A Not-So-Fresh Start
Being John Kennedy Jr. can get you only so far, the 20-year-old Brown University junior learned when he hit Washington to start his $50-a-week summer job with the Center for Democratic Policy. (That flurry about working for Andy Warhol's cable TV interview show was mere rumor.) John, formerly John-John, arrived in D.C. late one night, assuming he'd stay with his aunt and uncle, Eunice and Sargent Shriver, at their Foxhall Road home. He still couldn't reach them at 3 a.m. and checked into a Holiday Inn instead. Next morning the eager Kennedy checked out and went to leap into his car, only to find it had been towed from the illegal space where he'd parked it and had to be bailed out for $50. Has anyone warned this boy about Republicans?
Among the stiff upper lips at Prince Charles' wedding to Lady Diana Spencer will be that of handsome George Plumptre, 25, the son of a wealthy Kent farmer and author of a forthcoming book on royal gardens. Plumptre is Lady Diana's just-revealed former beau. "We were just the same as other people who get along once they've been introduced," sighs the jilted George, who squired Diana for a year. Unwittingly, he invited her to the ballet on the very day the royal betrothal was announced. The bride-to-be sent her regrets. "I would love to come," she wrote George, "but I am otherwise ENGAGED."
Lunch on the Grass
When jazz trumpeter-flugelhornist Chuck Mangione invited his mom, Nancy, 66, from Rochester to a concert at the Hollywood Bowl, Mamma Mangione got an eyeful as she watched L.A. tailgaters pull out the silver and picnic baskets for posh preshow picnics. Afterward she struggled with one loose end. ."I don't get it," she mused to Chuck. "All those expensive clothes and cars, but these people are so cheap they were all smoking the same cigarette."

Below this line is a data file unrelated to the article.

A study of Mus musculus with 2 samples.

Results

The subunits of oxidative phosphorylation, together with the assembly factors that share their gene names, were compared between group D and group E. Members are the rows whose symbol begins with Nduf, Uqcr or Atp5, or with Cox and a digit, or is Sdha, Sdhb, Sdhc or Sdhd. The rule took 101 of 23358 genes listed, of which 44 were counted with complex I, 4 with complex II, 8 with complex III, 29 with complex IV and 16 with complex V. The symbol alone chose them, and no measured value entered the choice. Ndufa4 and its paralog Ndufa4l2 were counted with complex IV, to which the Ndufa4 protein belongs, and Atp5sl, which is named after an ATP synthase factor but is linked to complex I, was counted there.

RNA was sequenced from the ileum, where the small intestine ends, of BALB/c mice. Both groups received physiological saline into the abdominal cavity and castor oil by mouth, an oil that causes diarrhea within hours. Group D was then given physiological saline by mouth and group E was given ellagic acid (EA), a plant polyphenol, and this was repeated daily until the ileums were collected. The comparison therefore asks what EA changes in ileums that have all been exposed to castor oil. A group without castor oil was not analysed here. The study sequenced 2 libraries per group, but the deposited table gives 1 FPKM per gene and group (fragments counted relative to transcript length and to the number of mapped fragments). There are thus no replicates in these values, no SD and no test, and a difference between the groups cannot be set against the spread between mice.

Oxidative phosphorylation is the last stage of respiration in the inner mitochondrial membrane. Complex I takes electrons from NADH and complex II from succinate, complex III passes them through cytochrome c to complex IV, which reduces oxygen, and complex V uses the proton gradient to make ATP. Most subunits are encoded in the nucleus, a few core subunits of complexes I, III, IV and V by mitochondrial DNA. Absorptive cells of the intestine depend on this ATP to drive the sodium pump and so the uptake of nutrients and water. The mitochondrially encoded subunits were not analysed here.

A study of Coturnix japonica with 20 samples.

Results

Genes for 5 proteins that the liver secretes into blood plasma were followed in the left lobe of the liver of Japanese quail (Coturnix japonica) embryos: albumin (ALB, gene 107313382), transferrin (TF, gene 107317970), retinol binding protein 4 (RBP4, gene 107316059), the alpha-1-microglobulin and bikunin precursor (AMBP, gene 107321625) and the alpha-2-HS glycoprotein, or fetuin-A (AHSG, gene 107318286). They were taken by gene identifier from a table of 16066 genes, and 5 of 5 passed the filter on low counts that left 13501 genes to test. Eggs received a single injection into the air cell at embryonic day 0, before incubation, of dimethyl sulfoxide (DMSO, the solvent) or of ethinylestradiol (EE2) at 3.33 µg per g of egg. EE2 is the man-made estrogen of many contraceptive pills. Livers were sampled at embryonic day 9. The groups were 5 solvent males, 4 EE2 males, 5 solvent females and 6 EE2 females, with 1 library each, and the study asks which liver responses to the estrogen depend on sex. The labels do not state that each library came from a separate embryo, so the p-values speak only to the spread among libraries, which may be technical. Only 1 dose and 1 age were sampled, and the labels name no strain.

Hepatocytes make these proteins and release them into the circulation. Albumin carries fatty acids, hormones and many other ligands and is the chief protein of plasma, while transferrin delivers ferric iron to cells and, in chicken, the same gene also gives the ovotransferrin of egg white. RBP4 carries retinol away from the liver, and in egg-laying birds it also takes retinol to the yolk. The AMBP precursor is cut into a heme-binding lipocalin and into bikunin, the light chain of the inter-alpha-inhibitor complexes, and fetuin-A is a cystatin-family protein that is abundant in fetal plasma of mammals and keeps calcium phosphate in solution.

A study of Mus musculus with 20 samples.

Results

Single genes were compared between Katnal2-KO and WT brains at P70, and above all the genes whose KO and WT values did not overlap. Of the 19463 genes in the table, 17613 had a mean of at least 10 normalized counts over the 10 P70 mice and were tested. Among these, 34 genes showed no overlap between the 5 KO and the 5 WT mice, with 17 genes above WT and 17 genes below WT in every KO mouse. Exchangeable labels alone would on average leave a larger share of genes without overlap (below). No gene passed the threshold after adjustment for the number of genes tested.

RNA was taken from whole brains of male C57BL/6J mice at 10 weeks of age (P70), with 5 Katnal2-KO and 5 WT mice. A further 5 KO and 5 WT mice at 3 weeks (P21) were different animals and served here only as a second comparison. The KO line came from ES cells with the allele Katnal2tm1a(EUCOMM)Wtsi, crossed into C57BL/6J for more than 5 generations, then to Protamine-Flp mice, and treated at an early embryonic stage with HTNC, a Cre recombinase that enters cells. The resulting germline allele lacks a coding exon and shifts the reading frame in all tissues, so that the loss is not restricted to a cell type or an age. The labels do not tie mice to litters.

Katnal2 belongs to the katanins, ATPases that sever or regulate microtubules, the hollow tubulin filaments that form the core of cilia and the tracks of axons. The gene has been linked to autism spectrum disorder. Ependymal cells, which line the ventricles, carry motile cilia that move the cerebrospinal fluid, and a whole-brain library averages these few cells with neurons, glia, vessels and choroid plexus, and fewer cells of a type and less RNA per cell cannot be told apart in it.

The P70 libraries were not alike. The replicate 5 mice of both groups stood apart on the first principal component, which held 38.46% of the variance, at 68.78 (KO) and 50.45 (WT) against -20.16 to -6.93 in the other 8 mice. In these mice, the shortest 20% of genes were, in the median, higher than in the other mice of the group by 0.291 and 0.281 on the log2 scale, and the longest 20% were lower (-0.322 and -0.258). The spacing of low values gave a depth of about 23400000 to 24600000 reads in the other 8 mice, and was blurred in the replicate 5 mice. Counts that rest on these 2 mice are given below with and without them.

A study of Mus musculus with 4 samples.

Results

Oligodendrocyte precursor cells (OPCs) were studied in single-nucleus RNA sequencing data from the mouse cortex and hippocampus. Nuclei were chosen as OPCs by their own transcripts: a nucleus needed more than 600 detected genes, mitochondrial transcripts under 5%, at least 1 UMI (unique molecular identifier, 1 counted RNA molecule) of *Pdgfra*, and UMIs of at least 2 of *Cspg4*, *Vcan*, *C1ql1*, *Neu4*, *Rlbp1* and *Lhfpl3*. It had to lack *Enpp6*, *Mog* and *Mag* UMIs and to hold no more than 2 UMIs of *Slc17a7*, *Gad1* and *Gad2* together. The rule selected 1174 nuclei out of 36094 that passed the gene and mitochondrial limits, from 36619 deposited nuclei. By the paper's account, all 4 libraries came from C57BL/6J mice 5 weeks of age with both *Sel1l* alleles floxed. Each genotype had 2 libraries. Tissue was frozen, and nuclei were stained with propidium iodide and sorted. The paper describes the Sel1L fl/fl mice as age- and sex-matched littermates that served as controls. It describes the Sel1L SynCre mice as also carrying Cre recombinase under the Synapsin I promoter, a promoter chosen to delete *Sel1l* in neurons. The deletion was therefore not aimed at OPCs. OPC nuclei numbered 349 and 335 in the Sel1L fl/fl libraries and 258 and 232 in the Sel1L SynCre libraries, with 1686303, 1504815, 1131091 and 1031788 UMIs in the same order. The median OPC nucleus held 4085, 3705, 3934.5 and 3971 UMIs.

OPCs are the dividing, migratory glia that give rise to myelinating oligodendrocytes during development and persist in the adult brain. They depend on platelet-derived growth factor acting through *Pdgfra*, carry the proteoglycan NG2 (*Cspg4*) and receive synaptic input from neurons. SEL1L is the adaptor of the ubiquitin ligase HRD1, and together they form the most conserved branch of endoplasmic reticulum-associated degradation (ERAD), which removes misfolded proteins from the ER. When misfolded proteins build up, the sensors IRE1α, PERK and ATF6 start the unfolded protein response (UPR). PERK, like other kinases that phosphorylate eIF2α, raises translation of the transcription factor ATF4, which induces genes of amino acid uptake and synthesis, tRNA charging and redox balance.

Rocky Mountain High Notes
Under John Denver's down vest beats the heart of a true opera fan, certified genuine by none other than the Met's ever-rising tenor Placido Domingo. Tit for tat, Domingo sang Denver's Annie's Song in concert. Now the two have recorded a duet of a pop single written by Denver, perhaps called Perhaps Love (the title is not yet firm), due out in September. Their producer at CBS Records, calling their chemistry "remarkable," compares it to that of Sills and Burnett. Domingo seems to like the laid-back style. "Maybe I will retire from opera," he teases. "This is a lot more fun."
Thank You, Mr. President
With the election a fading memory, an old tale has surfaced in Washington about those private rehearsals candidate Reagan undertook to prepare himself for the debates with Jimmy Carter during the presidential campaign. With David Stockman posing as Carter, Reagan aides took the future President through a series of tough questions on one large subject they had reason to suspect he was weak on—Africa. The long, detailed query about its racial problems, its minerals, and Soviet-Cuban influences ended with: "Governor, what is your policy towards Africa?" Reagan paused thoughtfully and responded with a perfectly straight face. "In Africa," he said, "when they have you for lunch, they really have you for lunch."
The road show Evita has been packing them in at Chicago's Shubert Theater for nine months, but its Hispanic title tends to twist Midwestern tongues. Box office employees have filled requests for tickets to Velveeta, Libido, Aruba, Xanadu, Argentina, Anita and—so help us Rand McNally—Brazil.